In today’s digital age, the importance of e-commerce websites is undeniable. Yet, do people truly recognise their value, especially when compared to traditional brick-and-mortar setups and other sales avenues? Let’s explore this topic, exploring the costs involved and the broader implications for businesses.
When it comes to e-commerce website development, the question of cost inevitably arises. At Bronco, we specialise in crafting bespoke e-commerce systems. Our starting price for an e-commerce website is from £15,000 (as of Feb 2024), while a more comprehensive system can be £20,000 and upwards.
Elsewhere some agencies will offer solutions using platforms like Shopify or WooCommerce at a fraction of this price. While, other agencies may utilise more specialised off-the-shelf solutions, yet command prices several times higher than ours.
Each option has its pros and cons, but we prefer bespoke platforms so that we may deliver a solution that is best suited to the specific needs of our client.
Ultimately, the cost of an e-commerce website hinges on what a client is willing to pay for what they need or value most.
Consider one of our clients, a business established in 2019, whose website saw steady turnover after launch, with trend busting growth in 2023 resulting in an end of year turnover of £250,000.
Over the five years we have worked with this client, they have invested £15,000 in the initial development and subsequent updates of a lightweight e-commerce system – a modest investment in comparison to their current turnover.
While their initial investment may have been constrained by a lack of startup funds, their growth has allowed them to invest more in the marketing of the website and building their brand. Through 2023 their online marketing spend was close to £90,000.
Certainly, they will have other business costs that we aren’t privy to which increases their costs of running an online business, but these are costs many businesses will incur.
But how might these costs compare with the expenses incurred by brick-and-mortar shops, employing salespeople or call-centre teams?
For brick-and-mortar establishments, the annual rental cost, based on rent of £24.23 per sqft and a shop size of 2,010 sqft, would amount to a rental bill of £48,702.30 per year.
This figure, exclusive of start-up costs, staff wages, utilities, and council tax, underscores the substantial yearly commitment associated with physical premises.
Alternatively, consider the expenses associated with salespeople. Whether hiring a team of people within a call centre on minimum wage (£21,000 annually) or a single more specialised salesperson (£28,557 annually on average), the costs of hiring staff can be a large ongoing and ever-increasing expense.
While direct comparisons between e-commerce websites and traditional sales channels are challenging, it’s worth considering the broader implications of each.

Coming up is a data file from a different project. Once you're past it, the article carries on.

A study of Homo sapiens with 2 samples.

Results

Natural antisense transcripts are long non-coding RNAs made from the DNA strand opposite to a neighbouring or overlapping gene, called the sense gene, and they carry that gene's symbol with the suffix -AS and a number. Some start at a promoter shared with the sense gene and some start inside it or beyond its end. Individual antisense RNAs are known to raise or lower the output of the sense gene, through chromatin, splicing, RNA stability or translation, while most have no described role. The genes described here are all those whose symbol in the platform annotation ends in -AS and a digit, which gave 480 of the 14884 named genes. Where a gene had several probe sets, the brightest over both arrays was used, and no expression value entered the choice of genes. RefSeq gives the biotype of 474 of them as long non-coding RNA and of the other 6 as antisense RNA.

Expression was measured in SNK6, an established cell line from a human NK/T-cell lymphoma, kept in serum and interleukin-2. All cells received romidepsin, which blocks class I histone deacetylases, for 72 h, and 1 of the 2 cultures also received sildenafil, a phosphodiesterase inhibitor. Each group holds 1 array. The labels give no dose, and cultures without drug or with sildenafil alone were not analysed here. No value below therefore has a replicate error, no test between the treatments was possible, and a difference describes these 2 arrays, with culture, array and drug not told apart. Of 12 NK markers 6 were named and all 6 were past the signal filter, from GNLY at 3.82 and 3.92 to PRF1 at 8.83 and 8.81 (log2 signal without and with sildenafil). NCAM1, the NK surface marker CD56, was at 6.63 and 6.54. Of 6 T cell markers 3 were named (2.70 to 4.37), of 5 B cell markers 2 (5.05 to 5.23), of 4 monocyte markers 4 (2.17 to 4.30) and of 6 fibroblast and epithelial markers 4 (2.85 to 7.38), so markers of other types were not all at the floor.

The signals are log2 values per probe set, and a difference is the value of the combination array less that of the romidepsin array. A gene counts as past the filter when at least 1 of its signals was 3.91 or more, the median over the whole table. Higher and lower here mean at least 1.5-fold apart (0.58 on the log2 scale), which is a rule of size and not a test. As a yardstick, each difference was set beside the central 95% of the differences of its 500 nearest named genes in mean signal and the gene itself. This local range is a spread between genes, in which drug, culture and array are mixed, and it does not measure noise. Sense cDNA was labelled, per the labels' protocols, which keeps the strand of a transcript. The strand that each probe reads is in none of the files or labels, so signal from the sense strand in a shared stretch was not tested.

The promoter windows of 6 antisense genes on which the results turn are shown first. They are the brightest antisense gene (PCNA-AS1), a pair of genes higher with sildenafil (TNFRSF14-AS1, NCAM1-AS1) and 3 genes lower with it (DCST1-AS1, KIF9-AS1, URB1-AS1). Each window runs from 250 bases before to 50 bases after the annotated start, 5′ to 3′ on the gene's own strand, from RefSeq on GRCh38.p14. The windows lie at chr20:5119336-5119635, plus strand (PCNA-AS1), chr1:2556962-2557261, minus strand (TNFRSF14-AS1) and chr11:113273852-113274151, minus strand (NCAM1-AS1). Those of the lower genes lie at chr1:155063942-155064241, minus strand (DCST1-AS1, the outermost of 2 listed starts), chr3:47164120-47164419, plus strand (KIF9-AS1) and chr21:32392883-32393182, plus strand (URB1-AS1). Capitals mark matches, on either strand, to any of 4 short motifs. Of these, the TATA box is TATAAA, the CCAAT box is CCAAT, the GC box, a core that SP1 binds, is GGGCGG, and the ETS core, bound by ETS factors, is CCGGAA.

Launching an e-commerce website offers scalability and accessibility, driven by digital marketing strategies. This contrasts with the fixed costs of maintaining a physical storefront. However, physical spaces provide community presence and opportunities for customer engagement that cannot be replicated online.
Similarly, employing sales personnel introduces additional costs, including wages, training, and supervision. Yet, personal interactions with customers can build trust and loyalty, especially in industries where expertise or personalised service is vital.
To conclusively determine which approach offers more value would require observing two similarly positioned businesses differing only in their sales approach, which is challenging given the prevalence of online operations.
But in the absence of this data, could we make a more simplistic observation?
Is an e-commerce website, facilitating online sales, more or less valuable than investing £50,000 annually in shop rent or sales team wages? Personally, I’d opt for a top-notch website over a high-street shop.
In essence, the value proposition of e-commerce websites extends beyond their initial cost outlay. These platforms offer scalability, reach, and cost-effectiveness, making them indispensable assets in today’s digital landscape.
By understanding the nuanced differences in costs and functionalities across various sales channels, businesses can create informed strategies tailored to their unique needs. Success is rarely delivered when a business undervalues its e-commerce website, but in recognising their transformative potential in today’s digital economy.
As businesses navigate the evolving sales and marketing landscape, embracing the power and value of e-commerce websites becomes not just a choice but a necessity for sustainable growth and success.